Poll shows GOP support for Common Core standards

Advocate staff file photo by ARTHUR D. LAUCK -- State Superintendent of Education John White. Show caption
Advocate staff file photo by ARTHUR D. LAUCK -- State Superintendent of Education John White.

A Republican pollster said Monday that a new survey shows more GOP support nationally for the Common Core academic standards than generally thought.

“Based on the relentless drumbeat of opposition coming from the political right, a Republican candidate could be forgiven for assuming conservatives don’t support the Common Core State Standards,” pollster John McLaughlin said in a prepared statement.

“But in fact the view of Common Core among Republicans isn’t nearly as clear-cut as many conservative activists think,” he said.

“Ordinary Republican primary voters, which far outnumber the grass-root activists, are generally very supportive of the standards,” McLaughlin said.

The findings show that more than four in 10 GOP primary voters do not know what Common Core is.

Among those who do, support for the academic goals is 33 percent while 41 percent oppose them.

McLaughlin said the margin shows the issue is not as polarizing as some activists believe.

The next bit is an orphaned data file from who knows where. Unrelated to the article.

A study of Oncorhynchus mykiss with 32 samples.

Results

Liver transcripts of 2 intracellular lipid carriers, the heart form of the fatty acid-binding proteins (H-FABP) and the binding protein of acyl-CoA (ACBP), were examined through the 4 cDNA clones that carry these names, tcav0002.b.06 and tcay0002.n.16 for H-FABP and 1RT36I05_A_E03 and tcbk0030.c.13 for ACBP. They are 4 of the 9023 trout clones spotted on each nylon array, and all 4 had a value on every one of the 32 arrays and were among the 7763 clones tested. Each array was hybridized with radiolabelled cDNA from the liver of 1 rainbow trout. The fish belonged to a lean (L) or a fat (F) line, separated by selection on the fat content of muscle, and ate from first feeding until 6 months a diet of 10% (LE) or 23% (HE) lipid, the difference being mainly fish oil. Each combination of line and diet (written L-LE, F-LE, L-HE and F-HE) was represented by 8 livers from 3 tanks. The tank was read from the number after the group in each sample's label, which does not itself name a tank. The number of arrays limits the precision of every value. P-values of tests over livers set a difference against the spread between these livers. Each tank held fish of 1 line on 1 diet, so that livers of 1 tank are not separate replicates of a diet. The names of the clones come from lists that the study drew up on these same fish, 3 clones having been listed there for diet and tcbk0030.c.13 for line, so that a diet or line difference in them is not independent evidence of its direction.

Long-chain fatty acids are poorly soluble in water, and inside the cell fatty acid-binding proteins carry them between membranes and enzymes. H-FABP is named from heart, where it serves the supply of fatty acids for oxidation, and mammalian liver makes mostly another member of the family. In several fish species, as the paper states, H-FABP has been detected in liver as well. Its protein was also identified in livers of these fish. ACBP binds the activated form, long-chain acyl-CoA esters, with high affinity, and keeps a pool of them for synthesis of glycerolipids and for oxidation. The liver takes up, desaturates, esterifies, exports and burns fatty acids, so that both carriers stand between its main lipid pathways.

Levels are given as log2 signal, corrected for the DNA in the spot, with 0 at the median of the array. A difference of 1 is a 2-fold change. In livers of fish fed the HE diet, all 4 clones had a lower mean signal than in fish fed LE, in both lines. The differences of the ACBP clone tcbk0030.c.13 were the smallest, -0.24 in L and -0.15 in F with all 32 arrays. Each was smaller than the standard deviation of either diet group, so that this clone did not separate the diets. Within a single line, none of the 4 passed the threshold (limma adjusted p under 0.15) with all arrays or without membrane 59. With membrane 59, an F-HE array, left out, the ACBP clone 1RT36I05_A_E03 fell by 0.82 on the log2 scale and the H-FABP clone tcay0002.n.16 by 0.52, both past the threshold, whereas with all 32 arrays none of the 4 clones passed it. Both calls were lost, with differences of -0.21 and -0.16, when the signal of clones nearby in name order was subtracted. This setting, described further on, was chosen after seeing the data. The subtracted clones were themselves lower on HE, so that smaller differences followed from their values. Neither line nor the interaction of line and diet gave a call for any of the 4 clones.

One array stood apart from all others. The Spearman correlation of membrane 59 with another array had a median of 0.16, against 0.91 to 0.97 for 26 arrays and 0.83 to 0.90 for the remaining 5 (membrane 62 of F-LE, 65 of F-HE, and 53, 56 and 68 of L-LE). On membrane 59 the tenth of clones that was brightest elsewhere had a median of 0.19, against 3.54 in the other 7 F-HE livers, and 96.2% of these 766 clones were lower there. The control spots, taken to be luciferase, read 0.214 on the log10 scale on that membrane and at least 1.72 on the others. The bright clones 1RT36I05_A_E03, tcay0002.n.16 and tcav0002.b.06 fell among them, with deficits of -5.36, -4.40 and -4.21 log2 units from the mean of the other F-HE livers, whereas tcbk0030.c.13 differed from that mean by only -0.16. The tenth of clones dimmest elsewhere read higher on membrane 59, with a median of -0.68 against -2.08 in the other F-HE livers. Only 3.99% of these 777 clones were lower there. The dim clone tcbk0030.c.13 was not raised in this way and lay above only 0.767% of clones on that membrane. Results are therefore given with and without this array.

The poll also found that Republican primary voters are more likely to back a candidate who backs the standards, 48 percent, than one who links them to the Obama administration, 36 percent.

The national online poll was conducted April 7-13 of 1,000 likely general election voters, with an oversampling of 500 GOP primary voters from April 14-17.

The larger sampling results have a margin of error of plus or minus 3.1 percent, and the primary voters check has a 4.4 percent margin of error.

Common Core is one of the key issues in the final month of the 2014 Legislature.

The standards, which take full effect for the 2014-15 school year, represent new rigor in reading, writing and math and have been adopted by 43 states.

Gov. Bobby Jindal has said he would consider unilaterally scrapping the tests that go with Common Core and earlier backed a bill that would replace Common Core with new academic goals written by state educators and others.